Hard inquiries appear when you’ve given someone permission to check your credit report in order to process a credit or loan application — these can also lower your score. Soft credit inquiries don’t harm your credit score but do involve someone checking your score.

In this post:

Soft credit check vs. hard credit check

 Hard credit checkSoft credit check
Background check for a new jobNoYes
Pre-qualified credit card offersNoYes
Using Credible to compare ratesNoYes
Applying for a new apartmentYesYes
Private student loan or PLUS Loan applicationYesNo
Mortgage applicationYesNo
Applying for a personal loanYesNo
Auto loan applicationYesNo
Applying for a credit cardYesNo

Soft credit check

A soft credit check is sometimes referred to as a soft pull or soft inquiry. Soft credit checks don’t always require your approval and can happen at any time.

For example, when you get an offer in the mail for a pre-qualified credit card, it’s because the lender used a soft credit check to look at your credit history to determine you were potentially worth lending to.

A soft credit inquiry can happen when:

  • A company you’ve applied for a job with does a background check on you
  • You apply for an apartment
  • You check your credit score
  • You use Credible to compare rates

Even if a soft credit pull ends up on your credit report, it won’t cause your credit score to drop as a result of the inquiry.

Learn More: How to Build Credit

Hard credit check

A hard credit check, also known as a hard credit pull or hard inquiry, does impact your credit. It occurs when you’ve given a person or company permission to check your credit. You’re giving a lender permission to check your credit to see not only if you’re approved, but what your terms and interest rate will be.

A hard credit inquiry can happen when:

While your credit score might drop from one hard inquiry, it usually rebounds after a couple of months. Expect a FICO score drop of anywhere between five and 10 points after a hard inquiry. Even after your score rebounds, hard inquiries can stay on your credit report for two years.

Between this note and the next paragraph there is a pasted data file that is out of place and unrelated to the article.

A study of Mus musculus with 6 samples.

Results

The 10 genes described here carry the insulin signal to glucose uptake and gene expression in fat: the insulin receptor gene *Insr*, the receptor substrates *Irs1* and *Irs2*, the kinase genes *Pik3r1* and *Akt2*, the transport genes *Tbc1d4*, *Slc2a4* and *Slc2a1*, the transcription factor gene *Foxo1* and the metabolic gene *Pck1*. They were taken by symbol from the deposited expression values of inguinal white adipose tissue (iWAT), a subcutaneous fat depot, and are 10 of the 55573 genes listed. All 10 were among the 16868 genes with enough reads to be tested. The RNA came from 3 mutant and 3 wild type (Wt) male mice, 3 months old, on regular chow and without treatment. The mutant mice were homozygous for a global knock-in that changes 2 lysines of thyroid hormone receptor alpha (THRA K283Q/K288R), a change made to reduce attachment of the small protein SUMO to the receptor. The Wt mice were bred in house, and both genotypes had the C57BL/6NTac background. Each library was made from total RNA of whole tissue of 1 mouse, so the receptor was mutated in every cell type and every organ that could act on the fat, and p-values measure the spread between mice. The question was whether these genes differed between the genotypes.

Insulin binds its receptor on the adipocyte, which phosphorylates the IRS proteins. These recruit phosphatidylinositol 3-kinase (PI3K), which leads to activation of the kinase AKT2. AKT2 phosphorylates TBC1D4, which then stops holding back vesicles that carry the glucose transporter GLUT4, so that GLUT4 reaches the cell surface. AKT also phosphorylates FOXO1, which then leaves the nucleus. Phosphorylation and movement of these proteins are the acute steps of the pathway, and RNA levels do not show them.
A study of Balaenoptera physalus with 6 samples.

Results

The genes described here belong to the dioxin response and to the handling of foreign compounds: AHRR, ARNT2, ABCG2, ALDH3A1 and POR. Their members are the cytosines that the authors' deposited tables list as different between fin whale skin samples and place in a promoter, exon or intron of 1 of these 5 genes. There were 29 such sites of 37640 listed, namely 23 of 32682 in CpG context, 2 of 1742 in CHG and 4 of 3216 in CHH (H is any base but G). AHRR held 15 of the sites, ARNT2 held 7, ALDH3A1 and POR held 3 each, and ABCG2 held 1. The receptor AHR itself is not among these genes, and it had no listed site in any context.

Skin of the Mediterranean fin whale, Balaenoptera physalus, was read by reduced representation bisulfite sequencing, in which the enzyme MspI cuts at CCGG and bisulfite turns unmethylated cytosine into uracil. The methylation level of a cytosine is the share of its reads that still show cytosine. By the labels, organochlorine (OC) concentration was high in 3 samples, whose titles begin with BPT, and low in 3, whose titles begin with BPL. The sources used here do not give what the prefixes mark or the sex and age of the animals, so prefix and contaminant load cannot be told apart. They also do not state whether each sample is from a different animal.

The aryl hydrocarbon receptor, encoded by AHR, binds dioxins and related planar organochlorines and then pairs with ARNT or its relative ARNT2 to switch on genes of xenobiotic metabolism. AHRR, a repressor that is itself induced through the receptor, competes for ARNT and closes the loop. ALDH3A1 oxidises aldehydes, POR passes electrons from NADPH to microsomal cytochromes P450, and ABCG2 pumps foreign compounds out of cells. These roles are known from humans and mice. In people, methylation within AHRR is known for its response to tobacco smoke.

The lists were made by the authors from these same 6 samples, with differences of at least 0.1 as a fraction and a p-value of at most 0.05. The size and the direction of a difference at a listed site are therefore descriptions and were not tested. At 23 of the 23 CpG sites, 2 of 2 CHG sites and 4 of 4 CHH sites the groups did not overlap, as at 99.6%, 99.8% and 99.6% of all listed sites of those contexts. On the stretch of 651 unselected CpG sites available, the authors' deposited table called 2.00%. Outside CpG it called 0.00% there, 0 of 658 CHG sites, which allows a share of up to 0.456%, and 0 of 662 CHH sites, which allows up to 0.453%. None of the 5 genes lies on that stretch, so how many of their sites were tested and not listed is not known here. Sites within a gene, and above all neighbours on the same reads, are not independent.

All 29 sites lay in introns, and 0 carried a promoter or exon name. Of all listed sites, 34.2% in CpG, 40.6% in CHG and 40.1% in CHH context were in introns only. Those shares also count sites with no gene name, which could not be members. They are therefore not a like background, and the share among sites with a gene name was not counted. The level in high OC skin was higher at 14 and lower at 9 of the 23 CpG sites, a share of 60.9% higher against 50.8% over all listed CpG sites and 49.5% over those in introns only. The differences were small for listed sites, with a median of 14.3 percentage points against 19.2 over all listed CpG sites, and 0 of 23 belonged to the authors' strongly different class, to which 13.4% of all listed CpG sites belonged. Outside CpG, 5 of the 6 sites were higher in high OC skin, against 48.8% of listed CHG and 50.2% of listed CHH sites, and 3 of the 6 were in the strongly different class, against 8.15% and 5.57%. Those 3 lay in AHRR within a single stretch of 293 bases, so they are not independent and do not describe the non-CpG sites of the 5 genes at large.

Even though it’s a small percentage of what makes up your credit report, too many hard inquiries can tell lenders you’re a credit risk — which means you might be denied credit in the future.

The good news is, when you’re rate shopping, or completing many different applications for the same type of loan within 14 to 30 days, it usually counts as one inquiry. For instance, if you’re buying a home and submitting many different applications to get pre-approved, those tend to count as one hard inquiry, rather than many.

Check your credit report

You can check your own credit report for free every year at AnnualCreditReport.com. When you look over your report, you’ll be able to see if any hard credit checks occurred recently.

When reviewing your credit report, check to see if there are any errors or credit inquiries you didn’t authorize. These could be a sign of identity theft. You can dispute credit errors with individual credit bureaus like Experian, TransUnion, or Equifax.

If you find any inquiries on your report that you didn’t authorize, you can submit a complaint with The Consumer Financial Protection Bureau (CFPB) about a financial product or service that used your information without your permission.

Keep Reading: How to Improve Your Credit Score

About the author
Dori Zinn
Dori Zinn

Dori Zinn is a student loan authority and a contributor to Credible. Her work has appeared in Huffington Post, Bankate, Inc, Quartz, and more.